I Used To Live Here review: live and don’t let die
Frank Berry, director of the super documentary Ballymun Lullaby, tackles an incendiary issue in his first dramatic feature.
Film Title: I Used To Live Here
Director: Frank Berry
Starring: Jordanne Jones, Dafhyd Flynn, James Kelly, Ross Geraghty, Amy Keane
Running Time: 80 min
Frank Berry, director of the super documentary Ballymun Lullaby, tackles an incendiary issue in his first dramatic feature. Working with Headstrong, the National Centre for Youth Mental Health, Berry went among non-professional actors in Tallaght with the intention of producing a collage on the notion of “suicide clusters”. Taking impetus from an article by Tony Bates, founder of Headstrong, in this newspaper, Berry has ended up attacking the subject from an oblique angle. The film is all the more affecting for that.
We move among Tallaght residents in the wake of a young man’s suicide. Some people knew him well. There’s a hint that some knew him less well than they pretend. All seem laid low by a pervasive psychological torpor.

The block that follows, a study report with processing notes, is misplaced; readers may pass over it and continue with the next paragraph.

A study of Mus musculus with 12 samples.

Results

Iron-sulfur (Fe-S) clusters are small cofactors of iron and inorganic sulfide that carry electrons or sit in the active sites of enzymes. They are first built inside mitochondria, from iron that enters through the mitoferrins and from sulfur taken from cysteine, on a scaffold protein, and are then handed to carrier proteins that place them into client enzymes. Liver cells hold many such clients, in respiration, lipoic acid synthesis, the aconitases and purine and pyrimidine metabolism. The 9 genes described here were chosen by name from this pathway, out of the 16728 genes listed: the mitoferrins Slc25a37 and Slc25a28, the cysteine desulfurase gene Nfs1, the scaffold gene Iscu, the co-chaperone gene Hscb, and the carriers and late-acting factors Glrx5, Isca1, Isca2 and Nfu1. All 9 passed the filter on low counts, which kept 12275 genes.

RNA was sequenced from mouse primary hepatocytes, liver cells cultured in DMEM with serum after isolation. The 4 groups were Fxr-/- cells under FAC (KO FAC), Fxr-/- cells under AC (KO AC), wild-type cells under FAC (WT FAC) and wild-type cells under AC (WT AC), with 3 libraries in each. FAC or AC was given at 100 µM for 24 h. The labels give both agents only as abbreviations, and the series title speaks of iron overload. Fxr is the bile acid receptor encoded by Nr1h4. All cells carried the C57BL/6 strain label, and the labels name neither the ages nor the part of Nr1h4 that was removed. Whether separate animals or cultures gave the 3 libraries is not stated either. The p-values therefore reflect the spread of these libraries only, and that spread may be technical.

The film focuses on two young people kicked about by the spreading ripples.
Dylan (Flynn) is in trouble at school after being hounded by various sets of bullies. Amy (Jones), living with her widowed dad, is pressed into ever-greater adolescent complexities. Can she trust her new boyfriend? What is behind dad’s closeness to an unknown woman?
Both young actors are excellent. The weight of the film lies particularly heavily on Jones’s narrow shoulders and she emerges as a pocket marvel. That furrowed face helps turn a journey to the city centre into a miniature epic; her unwillingness to communicate lends greater weight to an eventual emotional meltdown.
Daragh O’Toole’s flawless score throbs to persuasive effect. Using a mobile camera that often bounces along behind the characters, Colm Mullen’s wide-screen cinematography suggests that of the Dardenne brothers’ work, but Berry has delivered a more meandering tale than we expect from those Belgians.
On occasion, I Used to Live Here is, perhaps, a little too loosely formed, but two stunning segments – one cathartic, the other worryingly ambiguous – close the remarkable film in striking style.